The Rob Zombie spookshow hasn’t stopped yet. It rolls on with the bizarrely named Venomous Rat Regeneration Vendor.
In the five years since the release of Hellbilly Deluxe, part II, Rob Zombie’s done some interesting things. He’s pinched a few members of Marilyn Manson’s band, made a new movie, and undoubtedly performed a few bizarre pseudo-sorcerous rituals of terror and pain.
But somewhere in the middle of all that mayhem, the master of the Seventies-by-way-of-the-Nineties found time to record and release a new album almost under the radar. Sure, it helps that he’s largely just copying himself, but then, there’s an old saying about fixing what isn’t broke.
VRRV kicks off with a grinding piece of distorted industrial sludge called “Teenage Nosferatu Pussy,” leaving us in no doubt about the tone of the album.
Most of the album is standard Zombie fare; fast-paced, foot-stomping bits of slash-and-thrash (special mentions going to “Dead City Radio” and “Lucifer Rising”), interspersed with heavier, doomier, and gloomier spectacles of fuck-you misanthropy, such as “Ging Gang Gong De Do Gong De Laga Raga” and “The Girl Who Loved the Monsters,” all tied together with quotes from science-fiction nightmare flicks from the twentieth century.
VRRV even has the prerequisite mid-album slow, non sequitur groove piece (“Theme for the Rat Vendor”). The lyrics are your typical mix of cryptic threats, metaphors, and kickass phrases that just scream for entire songs based around them. For example, this gem from “Dead City Radio”: “I’m a rhinestone tiger in a leisure suit.” Fuck yeah.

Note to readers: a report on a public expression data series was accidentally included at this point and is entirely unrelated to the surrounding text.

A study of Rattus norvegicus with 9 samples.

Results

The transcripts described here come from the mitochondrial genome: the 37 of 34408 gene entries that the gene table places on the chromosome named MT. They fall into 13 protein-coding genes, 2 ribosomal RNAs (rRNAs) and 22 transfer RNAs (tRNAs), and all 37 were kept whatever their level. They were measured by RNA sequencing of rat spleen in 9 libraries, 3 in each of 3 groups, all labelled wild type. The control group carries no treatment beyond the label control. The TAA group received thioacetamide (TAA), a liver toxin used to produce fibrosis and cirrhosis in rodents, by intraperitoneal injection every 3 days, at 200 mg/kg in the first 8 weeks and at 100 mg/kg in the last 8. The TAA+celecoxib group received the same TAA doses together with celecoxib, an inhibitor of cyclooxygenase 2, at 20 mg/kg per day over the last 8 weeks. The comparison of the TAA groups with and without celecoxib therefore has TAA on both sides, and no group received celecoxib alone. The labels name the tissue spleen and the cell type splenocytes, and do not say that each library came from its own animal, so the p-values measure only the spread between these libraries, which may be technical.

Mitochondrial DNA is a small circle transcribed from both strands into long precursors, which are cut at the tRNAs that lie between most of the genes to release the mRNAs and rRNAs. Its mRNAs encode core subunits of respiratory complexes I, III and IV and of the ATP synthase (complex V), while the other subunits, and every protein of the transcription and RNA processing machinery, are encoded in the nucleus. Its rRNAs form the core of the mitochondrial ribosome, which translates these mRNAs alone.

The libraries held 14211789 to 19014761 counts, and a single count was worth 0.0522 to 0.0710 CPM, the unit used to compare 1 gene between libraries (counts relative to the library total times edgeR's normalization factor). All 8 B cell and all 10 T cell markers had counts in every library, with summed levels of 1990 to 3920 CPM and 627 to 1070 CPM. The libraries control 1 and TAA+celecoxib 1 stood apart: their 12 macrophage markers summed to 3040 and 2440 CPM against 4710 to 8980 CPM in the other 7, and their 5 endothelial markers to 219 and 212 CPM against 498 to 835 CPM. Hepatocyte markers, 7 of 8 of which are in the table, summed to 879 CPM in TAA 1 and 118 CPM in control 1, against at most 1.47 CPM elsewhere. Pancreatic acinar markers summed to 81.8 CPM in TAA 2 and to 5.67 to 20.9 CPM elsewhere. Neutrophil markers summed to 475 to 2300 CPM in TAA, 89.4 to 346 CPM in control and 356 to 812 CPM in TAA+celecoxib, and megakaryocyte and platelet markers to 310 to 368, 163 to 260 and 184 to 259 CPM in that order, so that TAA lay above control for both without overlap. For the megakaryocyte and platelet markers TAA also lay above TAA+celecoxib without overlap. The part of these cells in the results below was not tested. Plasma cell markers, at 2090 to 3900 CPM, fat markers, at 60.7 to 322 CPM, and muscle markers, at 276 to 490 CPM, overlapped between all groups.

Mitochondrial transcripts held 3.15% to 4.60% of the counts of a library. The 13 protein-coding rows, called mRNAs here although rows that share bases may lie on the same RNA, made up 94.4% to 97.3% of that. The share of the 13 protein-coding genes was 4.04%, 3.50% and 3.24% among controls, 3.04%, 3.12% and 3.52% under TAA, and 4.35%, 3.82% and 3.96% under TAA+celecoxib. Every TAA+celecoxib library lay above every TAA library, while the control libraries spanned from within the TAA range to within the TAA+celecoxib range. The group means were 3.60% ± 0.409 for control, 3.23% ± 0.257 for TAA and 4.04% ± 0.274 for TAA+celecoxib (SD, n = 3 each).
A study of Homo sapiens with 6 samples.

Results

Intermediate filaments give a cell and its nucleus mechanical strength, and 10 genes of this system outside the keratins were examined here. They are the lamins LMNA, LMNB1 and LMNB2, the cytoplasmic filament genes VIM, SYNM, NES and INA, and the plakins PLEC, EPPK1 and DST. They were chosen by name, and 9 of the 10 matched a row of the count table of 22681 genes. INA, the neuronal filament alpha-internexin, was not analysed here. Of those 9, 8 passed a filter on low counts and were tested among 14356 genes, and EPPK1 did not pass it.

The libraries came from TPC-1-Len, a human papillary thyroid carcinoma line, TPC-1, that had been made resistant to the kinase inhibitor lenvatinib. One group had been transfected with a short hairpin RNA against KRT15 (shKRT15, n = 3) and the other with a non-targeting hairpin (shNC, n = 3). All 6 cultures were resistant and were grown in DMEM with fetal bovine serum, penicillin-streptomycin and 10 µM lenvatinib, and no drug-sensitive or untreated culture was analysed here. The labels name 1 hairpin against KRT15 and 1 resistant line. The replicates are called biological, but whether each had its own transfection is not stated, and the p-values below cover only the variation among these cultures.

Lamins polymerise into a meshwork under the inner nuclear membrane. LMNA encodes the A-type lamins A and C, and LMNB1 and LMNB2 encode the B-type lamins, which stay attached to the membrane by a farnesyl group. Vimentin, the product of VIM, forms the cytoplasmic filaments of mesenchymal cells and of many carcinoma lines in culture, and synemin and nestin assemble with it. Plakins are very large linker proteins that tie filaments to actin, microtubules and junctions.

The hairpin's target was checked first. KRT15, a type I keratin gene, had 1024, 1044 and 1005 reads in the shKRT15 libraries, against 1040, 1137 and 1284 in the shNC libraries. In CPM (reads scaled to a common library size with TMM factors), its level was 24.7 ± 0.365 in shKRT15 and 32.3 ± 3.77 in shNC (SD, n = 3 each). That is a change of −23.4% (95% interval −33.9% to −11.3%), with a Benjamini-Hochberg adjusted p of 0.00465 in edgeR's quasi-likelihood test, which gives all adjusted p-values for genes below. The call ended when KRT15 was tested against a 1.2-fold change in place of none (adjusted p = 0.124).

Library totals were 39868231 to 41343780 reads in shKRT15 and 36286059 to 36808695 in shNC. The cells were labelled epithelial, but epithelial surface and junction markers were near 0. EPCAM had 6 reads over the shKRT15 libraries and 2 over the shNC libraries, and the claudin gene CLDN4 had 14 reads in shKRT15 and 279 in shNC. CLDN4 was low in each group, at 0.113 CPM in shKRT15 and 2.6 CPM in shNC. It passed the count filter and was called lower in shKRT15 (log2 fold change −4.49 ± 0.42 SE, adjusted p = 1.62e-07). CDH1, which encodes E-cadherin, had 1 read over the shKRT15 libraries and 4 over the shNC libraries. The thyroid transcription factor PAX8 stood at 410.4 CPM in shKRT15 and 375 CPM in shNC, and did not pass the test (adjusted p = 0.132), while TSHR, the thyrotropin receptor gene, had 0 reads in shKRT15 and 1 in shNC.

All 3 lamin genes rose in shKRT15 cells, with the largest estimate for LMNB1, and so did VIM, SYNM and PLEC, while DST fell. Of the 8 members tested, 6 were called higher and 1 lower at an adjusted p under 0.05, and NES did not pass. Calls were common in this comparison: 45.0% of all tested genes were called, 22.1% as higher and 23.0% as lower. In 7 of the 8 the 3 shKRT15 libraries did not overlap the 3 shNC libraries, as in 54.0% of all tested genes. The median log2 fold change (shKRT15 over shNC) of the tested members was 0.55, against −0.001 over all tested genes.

There is one bit of truly innovative music, though, and it comes to you courtesy of Grand Funk Railroad. I’m not kidding when I say that Zombie’s cover of “We’re An American Band” is the best version of the song I’ve ever heard, and I’m not exaggerating when I say that it could be my favorite new song this year. It sounds like GFR’s version, except it doesn’t. It’s the sort of music that you can only do two things to: shake your hips, or shake your fists, the sort of music best played at immense volume, through a speaker made out of a dying planet. It’s loud, brash, American heavy metal disco grind, best served at the room temperature of Hell. In short, it’s all the things that made the first Hellbilly Deluxe so great.
To summarize this album is pretty easy: it’s not subtle. It’s aggressive, diabolical metal that aspiring fighters the world over are going to use as their entrance music, with Zombie’s usual horror-theme flare. If that appeals to you, it’s more of the same, and you’re going to love it. If it doesn’t, at best you won’t care one way or the other. But then, this album wasn’t made to win new fans, it was made to be played at maximum volume and shred whatever eardrums his old fans have left.
Overall rating: 7/10. Enjoyable, but one great song isn’t enough to get rid of the nagging fact that this is just a rehash of what we’ve heard before.